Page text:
In 1998, when Robbie Canter was 12, he was introduced to an area in the woods that would become his second home: a set of BMX trails behind Kopachuck Middle School.
The approximately half-acre plot of land features more than 30 jumps and a series of tightly packed dirt tracks leading up to the ramps — built with shovels and care over the many years by BMX riders who know exactly which trajectories they desire to sharpen their skills.
Now 29, Canter still takes time to ride there. That is until recently, when the area was cordoned off and closed due to concerns from the Peninsula School District. Canter, a Raft Island resident, and other riders are hoping there is a solution to save the track where they made so many memories.
“What’s cool about the place is it’s honestly — for me and a couple of guys — where boys became men,” Canter said.
“We’re looking at a variety of options,” Superintendent Chuck Cuzzetto said.
Cuzzetto will speak to the school board at its regular meeting on Thursday; no action will be taken.
The meeting with the riders and PenMet is the beginning of a very early stage of discussion, the superintendent said. The district needs further dialog with neighbors and community meetings. PenMet director Terry Lee believes there are unsubstantiated fears surrounding the track.
The site could be leased to the parks district, something that has happened with land in the past, Lee said.
Todd Iverson, a parks board member, said a bike park was something the late Vernon Young, an influential volunteer, believed in. It was discussed during the building of Sehmel Homestead Park, but never came to fruition.
“I feel like we’ve never really fulfilled our promise to Verne,” Iverson said.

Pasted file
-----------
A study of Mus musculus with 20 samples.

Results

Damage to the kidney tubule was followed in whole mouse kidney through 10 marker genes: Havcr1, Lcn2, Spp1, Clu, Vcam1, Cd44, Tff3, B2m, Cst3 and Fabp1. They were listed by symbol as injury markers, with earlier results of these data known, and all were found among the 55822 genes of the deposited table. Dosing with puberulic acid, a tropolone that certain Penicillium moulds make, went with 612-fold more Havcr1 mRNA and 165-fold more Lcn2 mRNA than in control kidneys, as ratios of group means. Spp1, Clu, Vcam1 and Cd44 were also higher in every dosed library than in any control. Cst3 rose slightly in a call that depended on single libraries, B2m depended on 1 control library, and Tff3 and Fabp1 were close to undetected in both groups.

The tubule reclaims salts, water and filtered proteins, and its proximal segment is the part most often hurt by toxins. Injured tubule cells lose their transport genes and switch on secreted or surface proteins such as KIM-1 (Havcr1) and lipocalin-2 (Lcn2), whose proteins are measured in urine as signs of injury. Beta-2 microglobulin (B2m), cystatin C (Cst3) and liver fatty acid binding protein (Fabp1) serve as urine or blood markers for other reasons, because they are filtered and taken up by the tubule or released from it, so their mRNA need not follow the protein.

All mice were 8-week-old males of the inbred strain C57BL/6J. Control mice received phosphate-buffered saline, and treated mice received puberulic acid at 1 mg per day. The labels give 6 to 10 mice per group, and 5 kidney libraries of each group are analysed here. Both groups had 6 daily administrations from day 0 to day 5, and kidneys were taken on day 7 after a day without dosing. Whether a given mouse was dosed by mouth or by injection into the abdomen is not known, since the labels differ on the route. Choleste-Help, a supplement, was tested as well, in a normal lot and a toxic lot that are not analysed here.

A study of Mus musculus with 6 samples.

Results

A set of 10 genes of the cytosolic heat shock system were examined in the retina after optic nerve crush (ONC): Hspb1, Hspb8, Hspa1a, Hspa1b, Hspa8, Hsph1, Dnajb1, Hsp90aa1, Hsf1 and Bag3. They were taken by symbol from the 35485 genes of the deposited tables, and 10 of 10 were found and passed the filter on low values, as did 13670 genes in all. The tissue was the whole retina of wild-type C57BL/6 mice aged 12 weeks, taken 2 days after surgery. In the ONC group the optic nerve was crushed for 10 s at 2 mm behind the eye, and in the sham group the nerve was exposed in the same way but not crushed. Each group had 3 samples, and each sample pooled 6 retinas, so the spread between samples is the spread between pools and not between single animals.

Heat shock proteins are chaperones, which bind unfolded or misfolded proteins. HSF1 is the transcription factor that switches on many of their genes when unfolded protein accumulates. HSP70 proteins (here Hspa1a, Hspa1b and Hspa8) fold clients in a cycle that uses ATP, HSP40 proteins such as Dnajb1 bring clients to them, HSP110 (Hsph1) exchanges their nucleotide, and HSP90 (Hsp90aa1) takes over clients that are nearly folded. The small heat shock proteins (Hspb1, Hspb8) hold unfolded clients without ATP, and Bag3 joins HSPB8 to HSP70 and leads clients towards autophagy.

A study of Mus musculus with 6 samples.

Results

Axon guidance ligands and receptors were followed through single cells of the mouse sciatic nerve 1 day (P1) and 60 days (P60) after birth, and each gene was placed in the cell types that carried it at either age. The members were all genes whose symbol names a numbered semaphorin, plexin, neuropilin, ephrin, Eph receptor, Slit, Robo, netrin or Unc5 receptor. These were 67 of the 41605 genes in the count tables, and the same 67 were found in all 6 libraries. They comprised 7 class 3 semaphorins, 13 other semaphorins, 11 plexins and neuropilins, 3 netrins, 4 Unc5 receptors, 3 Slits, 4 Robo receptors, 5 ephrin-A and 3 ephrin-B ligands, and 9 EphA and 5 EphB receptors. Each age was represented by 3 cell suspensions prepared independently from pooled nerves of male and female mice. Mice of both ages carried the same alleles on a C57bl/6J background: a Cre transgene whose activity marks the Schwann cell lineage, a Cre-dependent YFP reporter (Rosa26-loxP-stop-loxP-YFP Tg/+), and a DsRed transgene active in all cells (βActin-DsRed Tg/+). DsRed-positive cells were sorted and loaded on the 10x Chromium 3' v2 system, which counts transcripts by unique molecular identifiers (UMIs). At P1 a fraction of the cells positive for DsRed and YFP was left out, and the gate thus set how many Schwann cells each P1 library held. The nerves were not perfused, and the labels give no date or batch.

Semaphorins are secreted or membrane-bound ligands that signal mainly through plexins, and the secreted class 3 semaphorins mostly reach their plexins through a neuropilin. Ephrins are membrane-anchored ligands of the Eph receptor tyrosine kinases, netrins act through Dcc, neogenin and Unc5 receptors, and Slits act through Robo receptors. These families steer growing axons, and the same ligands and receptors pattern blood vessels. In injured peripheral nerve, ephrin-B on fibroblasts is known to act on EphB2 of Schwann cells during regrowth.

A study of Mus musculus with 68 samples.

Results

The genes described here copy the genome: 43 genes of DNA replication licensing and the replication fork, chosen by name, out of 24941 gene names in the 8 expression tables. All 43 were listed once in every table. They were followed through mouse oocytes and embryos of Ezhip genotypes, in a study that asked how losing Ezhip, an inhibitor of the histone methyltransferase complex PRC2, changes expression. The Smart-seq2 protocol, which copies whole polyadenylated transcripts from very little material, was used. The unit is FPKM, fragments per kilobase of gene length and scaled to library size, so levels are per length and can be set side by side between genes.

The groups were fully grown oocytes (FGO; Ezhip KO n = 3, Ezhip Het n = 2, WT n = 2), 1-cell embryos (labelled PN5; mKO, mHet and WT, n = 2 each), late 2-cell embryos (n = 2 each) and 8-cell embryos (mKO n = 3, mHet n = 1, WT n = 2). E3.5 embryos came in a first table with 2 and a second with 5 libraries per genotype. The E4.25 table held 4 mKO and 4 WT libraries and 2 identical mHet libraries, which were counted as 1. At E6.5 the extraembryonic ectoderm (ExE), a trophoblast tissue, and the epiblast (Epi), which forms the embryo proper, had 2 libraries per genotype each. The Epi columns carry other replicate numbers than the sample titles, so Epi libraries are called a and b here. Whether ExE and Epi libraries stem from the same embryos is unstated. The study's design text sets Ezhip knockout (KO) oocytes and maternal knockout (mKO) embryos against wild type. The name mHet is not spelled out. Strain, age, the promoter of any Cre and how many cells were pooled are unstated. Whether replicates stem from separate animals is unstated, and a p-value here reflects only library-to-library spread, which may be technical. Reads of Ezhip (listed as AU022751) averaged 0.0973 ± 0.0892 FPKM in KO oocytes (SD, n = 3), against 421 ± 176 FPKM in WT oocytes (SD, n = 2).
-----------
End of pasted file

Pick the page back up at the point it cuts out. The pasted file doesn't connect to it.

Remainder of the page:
Before visiting the track, Iverson believed it would be a rough trail. He was stunned by the carefully crafted clay jumps.
“It is an amazing work of human engineering,” he said. “It would be kind of a shame to go and bulldoze it over.”
The area behind Kopachuck gained notoriety in the world of BMX. It was featured in three BMX films, where some of the best riders in the world visited. The parks district is interested in BMX because it presents an alternative form of recreation — something different than the usual sports.
“We recognize that not everyone plays on a square field with a round ball,” Iverson said.
That’s something that Canter knows firsthand. He was a young baseball prospect who even drew attention from the Seattle Mariners. But his heart wasn’t in baseball; he wanted to ride his bike. He liked the feeling of a community as well as the independence it offered.
“You could still be a team with your friends, with no coaches.” he said. “You saw what you could do for your own personal self.”
Canter continues to ride with his friends. The Kopachuck crew of old has become a group of men in their later-20s and 30s. Canter has an 8-year-old son, and he wants him to experience the thrill of riding.
“It’s where we go to forget about everything and have fun,” he said. “I wouldn’t change it for the world. I grew up there. It made me a man.”